Searching over 5,500,000 cases.


searching
Buy This Entire Record For $7.95

Download the entire decision to receive the complete text, official citation,
docket number, dissents and concurrences, and footnotes for this case.

Learn more about what you receive with purchase of this case.

Weiss v. I. Zapinsky Inc.

Decided: February 14, 1961.

MOSES WEISS, PLAINTIFF-RESPONDENT,
v.
I. ZAPINSKY, INC., A NEW JERSEY CORPORATION, DEFENDANT-APPELLANT



Goldmann, Foley and Halpern. The opinion of the court was delivered by Goldmann, S.j.a.d.

Goldmann

Defendant tenant appeals from a Law Division judgment in plaintiff-landlord's favor on its counterclaim for loss of profits, expenses and damages resulting from an alleged constructive eviction, and granting plaintiff judgment of $4,050 for loss of rentals under the lease. That judgment also awarded defendant $14,106.75 on its counterclaim for damage to goods, wares and merchandise resulting from plaintiff's breach of covenant to repair.

Defendant contends that (1) the trial court's finding that there was no constructive eviction when defendant removed from the premises on March 31, 1958 is against the weight of the evidence; (2) it was error not to permit defendant to introduce evidence of loss of profits allegedly caused by the constructive eviction; (3) plaintiff was not diligent in obtaining a new tenant for the premises; and (4) his attempt to relet the premises "as is" involved such a change in the terms of his lease with defendant as to free it from liability to him for loss of rentals.

I.

Plaintiff owned certain factory premises in West New York which he rented to defendant under a written lease

dated June 11, 1957, for a three-year period beginning July 1, 1957. The term rent was $16,200, payable in monthly instalments of $450 on the first of each month, and defendant deposited rent security of $1,350, to be used in payment of the last three months' rent. The lease required plaintiff to make all exterior and structural repairs.

It would appear that shortly before entering into the lease defendant insisted that plaintiff make repairs to the floor and to the roof. Plaintiff hired one Sperduto to do this, paying him $2,550 for the work. The lease was then executed. Apparently Sperduto did not do the work properly; a water problem developed when there was repeated leakage from the roof and skylights. Shortly after July 1, 1957, and continuing through the summer and fall, defendant complained to plaintiff or his agents about these leaks, which were resulting in damage to its goods and interference with its work. Defendant suffered water damage on September 4 and 17, and on November 18, 1957. The trial court found that plaintiff was liable for this damage, totalling $14,106.75. He has not appealed from this part of the judgment.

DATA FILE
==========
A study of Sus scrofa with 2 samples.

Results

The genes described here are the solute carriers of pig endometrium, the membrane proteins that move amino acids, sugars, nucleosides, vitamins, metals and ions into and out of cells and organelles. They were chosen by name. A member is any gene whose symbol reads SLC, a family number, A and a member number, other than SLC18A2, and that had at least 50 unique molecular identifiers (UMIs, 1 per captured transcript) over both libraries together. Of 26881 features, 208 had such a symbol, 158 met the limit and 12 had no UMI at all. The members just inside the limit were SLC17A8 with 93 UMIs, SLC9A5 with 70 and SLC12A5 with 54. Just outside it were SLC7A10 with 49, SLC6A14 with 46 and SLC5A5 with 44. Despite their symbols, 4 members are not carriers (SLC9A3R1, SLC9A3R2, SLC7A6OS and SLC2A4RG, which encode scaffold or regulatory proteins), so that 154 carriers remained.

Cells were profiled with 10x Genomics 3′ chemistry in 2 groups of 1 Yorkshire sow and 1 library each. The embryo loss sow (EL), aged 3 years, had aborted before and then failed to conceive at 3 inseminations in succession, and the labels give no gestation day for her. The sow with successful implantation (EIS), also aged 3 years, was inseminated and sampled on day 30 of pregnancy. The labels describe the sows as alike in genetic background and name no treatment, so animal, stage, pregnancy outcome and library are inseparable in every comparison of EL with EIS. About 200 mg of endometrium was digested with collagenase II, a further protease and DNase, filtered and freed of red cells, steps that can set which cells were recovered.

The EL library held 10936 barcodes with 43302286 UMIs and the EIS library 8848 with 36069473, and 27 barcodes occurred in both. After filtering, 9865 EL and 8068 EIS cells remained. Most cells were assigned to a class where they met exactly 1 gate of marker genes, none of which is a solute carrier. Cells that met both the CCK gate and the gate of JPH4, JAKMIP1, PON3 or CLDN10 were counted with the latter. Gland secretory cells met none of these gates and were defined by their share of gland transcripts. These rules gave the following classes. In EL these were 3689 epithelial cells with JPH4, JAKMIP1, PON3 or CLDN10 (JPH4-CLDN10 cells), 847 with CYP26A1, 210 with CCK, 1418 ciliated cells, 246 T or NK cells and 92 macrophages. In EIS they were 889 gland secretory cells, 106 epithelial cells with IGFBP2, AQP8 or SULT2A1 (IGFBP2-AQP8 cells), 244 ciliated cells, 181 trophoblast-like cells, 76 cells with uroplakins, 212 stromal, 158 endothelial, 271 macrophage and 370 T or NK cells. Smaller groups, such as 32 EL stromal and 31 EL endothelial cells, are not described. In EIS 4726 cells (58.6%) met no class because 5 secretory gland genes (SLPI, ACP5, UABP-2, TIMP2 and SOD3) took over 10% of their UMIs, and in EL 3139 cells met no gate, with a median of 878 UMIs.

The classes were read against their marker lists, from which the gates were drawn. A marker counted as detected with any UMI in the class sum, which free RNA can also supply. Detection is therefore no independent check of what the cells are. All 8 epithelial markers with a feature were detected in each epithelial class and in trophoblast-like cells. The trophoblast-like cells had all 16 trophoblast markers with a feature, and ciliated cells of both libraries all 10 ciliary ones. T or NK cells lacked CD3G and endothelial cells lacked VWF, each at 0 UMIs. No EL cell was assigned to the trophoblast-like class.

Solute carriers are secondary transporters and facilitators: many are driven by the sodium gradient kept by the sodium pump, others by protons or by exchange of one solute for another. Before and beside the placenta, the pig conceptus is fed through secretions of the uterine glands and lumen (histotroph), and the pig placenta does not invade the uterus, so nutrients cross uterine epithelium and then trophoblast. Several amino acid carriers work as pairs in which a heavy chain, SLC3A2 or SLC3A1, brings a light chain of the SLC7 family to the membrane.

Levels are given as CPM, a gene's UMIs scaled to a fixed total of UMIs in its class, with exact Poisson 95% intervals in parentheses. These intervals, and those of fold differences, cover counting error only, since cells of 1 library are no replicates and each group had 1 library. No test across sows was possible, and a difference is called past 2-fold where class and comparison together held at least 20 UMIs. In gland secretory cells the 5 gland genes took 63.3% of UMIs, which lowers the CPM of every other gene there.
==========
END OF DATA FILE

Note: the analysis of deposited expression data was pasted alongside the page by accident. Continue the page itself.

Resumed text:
On October 16, 1957 plaintiff, in an attempt to correct the situation of which defendant complained, entered into a written contract with Sears, Roebuck & Co. to install a new roof. This work was begun about November 12, 1957 and completed about November 20, two days after the last damage suffered by defendant. The trial judge found that there was no evidence of any damage to defendant's materials or chattels after November 18, 1957. In fact, defendant made no claim for any damage loss after that date.

Defendant vacated the premises on notice on March 31, 1958. Plaintiff made various attempts to obtain a new tenant for the property, at first on the same terms as his lease with defendant, but finally on an "as is" basis (i.e. , the new tenant agreed to enter into possession of the premises in its then condition, and to be responsible for all interior and exterior repairs), at a reduced rental of $330 a month for the first year, the rent to be increased by $30 a month

in each successive year. The new tenant went into possession April 1, 1959.

Plaintiff sued to recover rents which fell due after March 31, 1958. Defendant denied it had breached the lease and counterclaimed to recover (1) damages suffered by reason of a constructive eviction and (2) ...


Buy This Entire Record For $7.95

Download the entire decision to receive the complete text, official citation,
docket number, dissents and concurrences, and footnotes for this case.

Learn more about what you receive with purchase of this case.